FILE - A Border Patrol agent stands on a ranch fence line with children taken into custody, in South Texas brush country north of Laredo, Texas.

The House of Representatives approved full fiscal-year funding for the U.S. domestic security agency on Tuesday, dealing a blow to conservative Republicans who had wanted the bill to include language blocking President Barack Obama's recent executive orders on immigration.

The House, in a 257-167 vote, backed a Senate-passed funding bill stripped of any immigration provisions, ending a bitter fight that raised new questions about House Speaker John Boehner's ability to manage fractious conservatives and brought the agency within hours of a partial shutdown last week.

FILE - House Speaker John Boehner reacts to last week's impasse on Homeland Security funding. On Tuesday, the House approved a bill without provisions.
FILE - House Speaker John Boehner reacts to last week's impasse on Homeland Security funding. On Tuesday, the House approved a bill without provisions.

Obama has said he will sign the funding bill for the Department of Homeland Security, which spearheads domestic counterterrorism efforts. Spending authority for the department was scheduled to end at midnight on Friday.

After weeks of drama, Boehner was ultimately left with few – if any – viable procedural options to keep the agency open while also satisfying conservatives who wanted the funding bill to block Obama's executive actions last year lifting the threat of deportation for millions of undocumented residents.

Senate Democrats had repeatedly blocked a House-passed bill that included the immigration provisions, while Obama and Democrats backed a “clean” funding bill passed by the Senate.

“It's time to move forward and stop playing these silly games,” said Representative Charlie Dent, a moderate Pennsylvania Republican. “Let's prove to the American people that we're serious about protecting this homeland and that we have the capacity to govern.”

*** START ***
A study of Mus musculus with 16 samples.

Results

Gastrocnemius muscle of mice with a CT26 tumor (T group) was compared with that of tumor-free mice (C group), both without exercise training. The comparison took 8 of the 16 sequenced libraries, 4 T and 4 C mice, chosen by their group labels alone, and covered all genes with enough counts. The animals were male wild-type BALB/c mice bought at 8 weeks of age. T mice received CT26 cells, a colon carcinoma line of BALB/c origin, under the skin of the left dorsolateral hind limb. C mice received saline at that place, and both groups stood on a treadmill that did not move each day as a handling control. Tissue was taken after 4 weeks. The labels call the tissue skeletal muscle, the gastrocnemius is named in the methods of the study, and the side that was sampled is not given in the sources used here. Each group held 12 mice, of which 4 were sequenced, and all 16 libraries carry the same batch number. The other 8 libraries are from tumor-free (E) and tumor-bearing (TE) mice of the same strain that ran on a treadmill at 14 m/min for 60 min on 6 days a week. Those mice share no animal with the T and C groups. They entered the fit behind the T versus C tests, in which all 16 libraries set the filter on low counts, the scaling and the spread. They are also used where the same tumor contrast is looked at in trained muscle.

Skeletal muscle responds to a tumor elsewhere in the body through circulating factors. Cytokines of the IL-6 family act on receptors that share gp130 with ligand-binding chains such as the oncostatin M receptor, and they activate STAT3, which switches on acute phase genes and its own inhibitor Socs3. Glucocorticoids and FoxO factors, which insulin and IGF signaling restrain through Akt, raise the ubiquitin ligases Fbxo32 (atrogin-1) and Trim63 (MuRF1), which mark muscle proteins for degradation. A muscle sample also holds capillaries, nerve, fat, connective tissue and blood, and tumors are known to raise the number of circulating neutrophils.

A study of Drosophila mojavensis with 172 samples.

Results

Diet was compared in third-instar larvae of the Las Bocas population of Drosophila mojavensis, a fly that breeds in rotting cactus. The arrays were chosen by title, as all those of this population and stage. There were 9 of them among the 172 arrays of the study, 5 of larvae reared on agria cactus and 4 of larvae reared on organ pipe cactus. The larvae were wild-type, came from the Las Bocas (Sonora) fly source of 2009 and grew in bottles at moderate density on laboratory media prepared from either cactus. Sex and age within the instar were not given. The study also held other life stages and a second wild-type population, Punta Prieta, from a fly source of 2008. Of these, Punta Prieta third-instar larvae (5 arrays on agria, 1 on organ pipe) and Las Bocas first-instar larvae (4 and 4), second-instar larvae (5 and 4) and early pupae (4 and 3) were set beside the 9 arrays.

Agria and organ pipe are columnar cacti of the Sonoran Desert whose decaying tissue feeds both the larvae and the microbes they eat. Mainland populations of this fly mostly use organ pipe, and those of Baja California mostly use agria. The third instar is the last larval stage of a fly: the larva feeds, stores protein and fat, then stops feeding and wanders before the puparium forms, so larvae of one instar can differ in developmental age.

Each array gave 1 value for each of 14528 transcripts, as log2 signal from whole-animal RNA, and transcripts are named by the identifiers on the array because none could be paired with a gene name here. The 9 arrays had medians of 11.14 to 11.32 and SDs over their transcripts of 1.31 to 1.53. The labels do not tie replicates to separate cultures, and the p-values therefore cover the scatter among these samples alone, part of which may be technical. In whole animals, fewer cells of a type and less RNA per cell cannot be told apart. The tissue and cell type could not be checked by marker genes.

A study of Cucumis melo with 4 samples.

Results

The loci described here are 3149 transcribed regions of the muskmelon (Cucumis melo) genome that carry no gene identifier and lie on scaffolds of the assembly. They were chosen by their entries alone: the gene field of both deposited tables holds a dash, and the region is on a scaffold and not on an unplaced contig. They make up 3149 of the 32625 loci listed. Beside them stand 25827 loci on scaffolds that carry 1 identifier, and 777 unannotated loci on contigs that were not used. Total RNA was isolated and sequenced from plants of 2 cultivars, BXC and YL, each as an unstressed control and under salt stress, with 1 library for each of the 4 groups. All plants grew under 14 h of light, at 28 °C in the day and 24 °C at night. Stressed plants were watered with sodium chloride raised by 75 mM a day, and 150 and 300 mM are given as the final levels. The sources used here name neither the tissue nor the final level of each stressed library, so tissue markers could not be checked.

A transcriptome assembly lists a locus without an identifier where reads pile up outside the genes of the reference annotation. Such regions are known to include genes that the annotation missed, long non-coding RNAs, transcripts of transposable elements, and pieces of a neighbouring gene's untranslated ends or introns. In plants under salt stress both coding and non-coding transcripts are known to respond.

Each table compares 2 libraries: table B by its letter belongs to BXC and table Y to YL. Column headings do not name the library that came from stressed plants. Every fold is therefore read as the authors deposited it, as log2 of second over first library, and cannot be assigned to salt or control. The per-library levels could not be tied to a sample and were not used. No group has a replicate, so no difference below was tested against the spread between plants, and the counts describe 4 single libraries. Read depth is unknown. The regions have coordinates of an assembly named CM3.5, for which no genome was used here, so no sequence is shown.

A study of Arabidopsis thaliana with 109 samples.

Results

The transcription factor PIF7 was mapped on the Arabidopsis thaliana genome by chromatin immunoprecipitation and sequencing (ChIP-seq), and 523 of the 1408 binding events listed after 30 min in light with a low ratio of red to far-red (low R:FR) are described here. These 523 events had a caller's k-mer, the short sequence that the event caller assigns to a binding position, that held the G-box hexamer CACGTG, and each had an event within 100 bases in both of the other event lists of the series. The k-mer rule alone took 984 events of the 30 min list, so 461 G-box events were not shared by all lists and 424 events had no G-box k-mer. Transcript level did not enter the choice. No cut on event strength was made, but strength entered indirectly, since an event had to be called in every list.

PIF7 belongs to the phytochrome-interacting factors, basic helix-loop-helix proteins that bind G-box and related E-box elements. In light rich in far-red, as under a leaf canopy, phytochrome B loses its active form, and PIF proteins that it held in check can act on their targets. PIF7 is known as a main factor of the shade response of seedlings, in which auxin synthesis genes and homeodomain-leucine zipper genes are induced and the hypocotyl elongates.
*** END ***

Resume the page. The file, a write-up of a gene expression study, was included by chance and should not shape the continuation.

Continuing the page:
Several Republicans said they would be better served by putting their energy into legal strategies to overturn Obama's immigration actions, which have been put on hold by the courts.

“This is where we must focus our actions,” said Republican Representative Mike Simpson of Idaho.


But some conservatives said the House was making a mistake by capitulating on the immigration battle.

“This is a very, very sad day,” said Republican Representative Matt Salmon of Arizona. “If we're not going to fight now, when are we going to fight?”

On Friday, the House rejected a three-week funding extension and voted to keep the lights on at Homeland Security for one week, seeking more time to battle Obama. But Boehner told Republican House members at a meeting on Tuesday that it was time to allow a vote on the provision-free Senate bill.

“The speaker made the case that he had hoped to continue to fight for three more weeks. Obviously we didn't win that vote last week, so we are where we are,” said Representative Luke Messer of Indiana, who chairs the Republican Policy Committee.

“It's disappointing. I had hoped we'd be able to continue to fight,” he said.

Boehner allowed the use of a procedural motion to bring up the Senate's funding bill, which passed the House with support from both moderate Republicans and House Democrats.

Bill provides almost $40 billion

The bill provides nearly $40 billion in funding for the agency, created after the Sept. 11, 2001 attacks, that secures U.S. borders, airports, coastal waters and other critical facilities.

Without the funding, the agency would have been forced to furlough about 30,000 employees, or about 15 percent of the agency's workforce, but about 200,000 others would have stayed on the job without pay, including airport and border security agents.

House speaker rebuffed

Boehner suffered an embarrassing setback last week when conservatives rebelled against his plan for a three-week extension, but some said they did not think his ultimate failure on the issue would threaten his leadership.

“I think anybody who's been watching this knew this is where we were going to end up back in December,” said Representative Thomas Massie, a conservative Republican from Kentucky.